Establishment of a repeated social defeat stress model in female mice.

Author information

1
Fishberg Department of Neuroscience and Friedman Brain Institute, Icahn School of Medicine at Mount Sinai, New York, New York, 10029, United States.
2
Laboratory of Behavioral Neuroendocrinology, University of Tsukuba, Tsukuba, Ibaraki, 305-8577, Japan.
3
Laboratory of Neuroendocrinology, The Rockefeller University, New York, NY, 10065, United States.
4
Department of Pharmacological Sciences and Institute for Systems Biomedicine, Icahn School of Medicine at Mount Sinai, New York, New York, 10029, United States.
5
Fishberg Department of Neuroscience and Friedman Brain Institute, Icahn School of Medicine at Mount Sinai, New York, New York, 10029, United States. scott.russo@mssm.edu.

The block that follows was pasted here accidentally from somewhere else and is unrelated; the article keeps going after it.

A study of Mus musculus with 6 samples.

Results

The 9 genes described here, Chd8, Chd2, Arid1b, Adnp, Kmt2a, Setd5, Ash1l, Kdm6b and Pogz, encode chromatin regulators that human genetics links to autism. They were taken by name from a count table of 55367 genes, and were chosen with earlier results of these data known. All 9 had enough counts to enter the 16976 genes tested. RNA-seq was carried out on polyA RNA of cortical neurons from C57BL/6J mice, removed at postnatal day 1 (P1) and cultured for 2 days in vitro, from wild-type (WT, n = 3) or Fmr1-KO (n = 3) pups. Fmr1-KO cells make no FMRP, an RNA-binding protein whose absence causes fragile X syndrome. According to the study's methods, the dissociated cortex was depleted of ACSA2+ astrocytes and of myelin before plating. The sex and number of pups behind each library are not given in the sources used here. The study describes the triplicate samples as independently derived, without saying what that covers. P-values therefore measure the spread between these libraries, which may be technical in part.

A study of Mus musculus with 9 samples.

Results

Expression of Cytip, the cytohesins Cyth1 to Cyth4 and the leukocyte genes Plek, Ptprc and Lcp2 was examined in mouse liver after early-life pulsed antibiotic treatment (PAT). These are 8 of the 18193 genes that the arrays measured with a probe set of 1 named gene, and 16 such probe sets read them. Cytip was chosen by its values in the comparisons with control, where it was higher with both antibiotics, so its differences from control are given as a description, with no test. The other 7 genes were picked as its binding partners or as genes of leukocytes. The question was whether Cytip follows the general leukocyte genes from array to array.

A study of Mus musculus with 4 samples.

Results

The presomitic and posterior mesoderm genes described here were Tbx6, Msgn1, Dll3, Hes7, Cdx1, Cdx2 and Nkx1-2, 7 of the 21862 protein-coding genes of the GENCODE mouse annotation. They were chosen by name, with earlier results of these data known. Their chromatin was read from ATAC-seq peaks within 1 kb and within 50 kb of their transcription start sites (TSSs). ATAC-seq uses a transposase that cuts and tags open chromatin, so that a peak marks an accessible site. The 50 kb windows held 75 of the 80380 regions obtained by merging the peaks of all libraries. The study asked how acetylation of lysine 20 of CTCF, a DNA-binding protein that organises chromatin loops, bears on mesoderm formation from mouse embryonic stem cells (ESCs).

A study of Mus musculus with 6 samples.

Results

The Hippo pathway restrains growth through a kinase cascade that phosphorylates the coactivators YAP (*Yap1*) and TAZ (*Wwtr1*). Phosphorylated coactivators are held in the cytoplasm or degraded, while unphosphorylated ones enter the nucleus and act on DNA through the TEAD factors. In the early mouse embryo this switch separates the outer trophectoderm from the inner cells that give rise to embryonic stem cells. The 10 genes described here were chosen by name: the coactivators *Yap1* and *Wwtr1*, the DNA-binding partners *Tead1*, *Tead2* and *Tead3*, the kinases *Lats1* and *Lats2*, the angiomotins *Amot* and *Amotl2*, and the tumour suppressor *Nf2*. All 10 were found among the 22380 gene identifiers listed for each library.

Abstract

Numerous studies have employed repeated social defeat stress (RSDS) to study the neurobiological mechanisms of depression in rodents. An important limitation of RSDS studies to date is that they have been conducted exclusively in male mice due to the difficulty of initiating attack behavior directed toward female mice. Here, we establish a female mouse model of RSDS by inducing male aggression toward females through chemogenetic activation of the ventrolateral subdivision of the ventromedial hypothalamus (VMHvl). We demonstrate that females susceptible to RSDS display social avoidance, anxiety-like behavior, reduction of body weight, and elevated levels of circulating interleukin 6. In contrast, a subset of mice we term resilient only display anxiety-like behaviors after RSDS. This model allows for investigation of sex differences in the neurobiological mechanisms of defeat‒induced depression‒like behaviors. A robust female social defeat model is a critical first step in the identification and development of novel therapeutic compounds to treat depression and anxiety disorders in women.